Orpheus Chamber Orchestra

CAMA Presents Renowned Conductor-less Ensemble

<b>SOVEREIGNS OF SONG:</b> The Orpheus Chamber Orchestra lets the music rule as orchestra members forgo the traditional conductor in favor of democratic leadership rotation.

The New York–based Orpheus Chamber Orchestra has achieved something unique in the world of contemporary classical music performance. There are plenty of chamber orchestras performing without the benefit of a conductor, but Orpheus, which has been in continuous operation since 1972, has taken this concept and created a distinct musical identity with it, something that few if any of these other ensembles have been able to do. Through a democratic process resembling that employed by a graduate faculty or a research institution, members rotate through multiple leadership positions on a regular basis, and every player is expected to participate in the development of the ensemble’s programming. With a Grammy, two ASCAP awards, and more than 70 recordings, Orpheus has established itself as the world’s most successful chamber orchestra formed on this model. For its upcoming Santa Barbara performance, the group will be joined by Augustin Hadelich, who plays the 1723 “Ex-Kiesewetter” Stradivarius.

In anticipation of their show, I spoke with violist Dov Scheindlin. He filled me in on the logic behind the program and the mission of the group.

How did you select the works for this program? One theme that ties this program together is the idea of pieces that have been repurposed. The Stravinsky began as a ballet, and for The Birds, Respighi took works by five different baroque composers, all of them based on birdsong, and arranged them for chamber orchestra. Fortunately for us, he wrote this piece for an ensemble of exactly the size of Orpheus, and although the works he was drawing on are different, through his arrangement he was able to create something that coheres. He viewed these compositions — a prelude, and then “The Dove,” “The Hen,” “The Nightingale,” and “The Cuckoo” — very much through the prism of the music of his own time, which was the late 1920s. In this piece, Respighi employs virtually every technique of orchestration known to that period, and the result is extraordinary.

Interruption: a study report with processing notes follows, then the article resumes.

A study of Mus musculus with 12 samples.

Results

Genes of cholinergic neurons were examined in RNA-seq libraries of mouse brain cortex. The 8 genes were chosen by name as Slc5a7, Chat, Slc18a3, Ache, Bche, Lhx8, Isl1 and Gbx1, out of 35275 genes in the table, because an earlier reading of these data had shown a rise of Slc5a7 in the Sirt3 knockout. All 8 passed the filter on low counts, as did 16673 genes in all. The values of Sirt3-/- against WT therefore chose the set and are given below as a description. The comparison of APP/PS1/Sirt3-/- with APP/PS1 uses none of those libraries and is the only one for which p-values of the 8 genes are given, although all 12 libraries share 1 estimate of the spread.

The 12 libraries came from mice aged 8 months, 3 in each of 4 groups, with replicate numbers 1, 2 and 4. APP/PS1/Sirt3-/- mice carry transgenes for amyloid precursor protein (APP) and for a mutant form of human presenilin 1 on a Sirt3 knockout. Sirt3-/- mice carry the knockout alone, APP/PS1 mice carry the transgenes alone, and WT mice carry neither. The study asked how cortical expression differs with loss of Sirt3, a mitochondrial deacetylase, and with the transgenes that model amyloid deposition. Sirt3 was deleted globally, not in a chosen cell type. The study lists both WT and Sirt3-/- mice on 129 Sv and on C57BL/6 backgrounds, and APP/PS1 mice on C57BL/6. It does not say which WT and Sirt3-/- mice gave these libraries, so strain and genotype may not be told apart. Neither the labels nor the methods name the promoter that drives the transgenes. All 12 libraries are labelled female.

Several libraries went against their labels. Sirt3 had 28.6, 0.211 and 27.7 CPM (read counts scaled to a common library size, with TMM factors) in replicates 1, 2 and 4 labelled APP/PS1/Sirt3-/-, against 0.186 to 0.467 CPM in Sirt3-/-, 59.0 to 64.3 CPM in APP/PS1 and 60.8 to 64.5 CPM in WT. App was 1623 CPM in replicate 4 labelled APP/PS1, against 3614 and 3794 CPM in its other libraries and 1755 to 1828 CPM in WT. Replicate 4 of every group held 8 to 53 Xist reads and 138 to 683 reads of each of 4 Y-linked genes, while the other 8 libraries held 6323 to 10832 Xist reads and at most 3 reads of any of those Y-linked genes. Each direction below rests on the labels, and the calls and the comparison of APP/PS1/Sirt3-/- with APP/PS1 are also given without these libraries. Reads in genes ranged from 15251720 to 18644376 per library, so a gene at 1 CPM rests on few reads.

Are any of the pieces new commissions? The Stravinsky arrangement is new. Augustin [Hadelich, the violinist] suggested that we find someone to take this piece, which was already derived from a ballet score and performed by Stravinsky himself along with his frequent collaborator, Samuel Dushkin, and turn it into a concerto so that he could play it with us. Dmitry Sitkovetsky, who is probably best known for his string trio arrangement of Bach’s Goldberg Variations, did the arrangement, and it is wonderful.

What about the Handel? Handel’s Concerto Grosso is also a repurposed work, but this time it is the composer himself who did the borrowing, and he took the material from his own earlier compositions.

Orpheus is an unusual organization. Could you reflect on the concept and mission? We screen our members carefully because they have to be more than just good players; they have to contribute ideas, as well. The ability to receive ideas is also a big part of being in Orpheus, as we are constantly developing our repertoire along three distinct lines. We try to freshen the standards, we do substantial archival work in order to bring interesting and neglected pieces and arrangements to the world’s attention, and then we commission completely new pieces, as in our American Notes program.


Orpheus Chamber Orchestra will perform with Augustin Hadelich at the Granada Theatre (1214 State St.) on Monday, November 30, at 8 p.m., as part of CAMA’s International Series. For tickets and information, visit camasb.org or call 899-2222.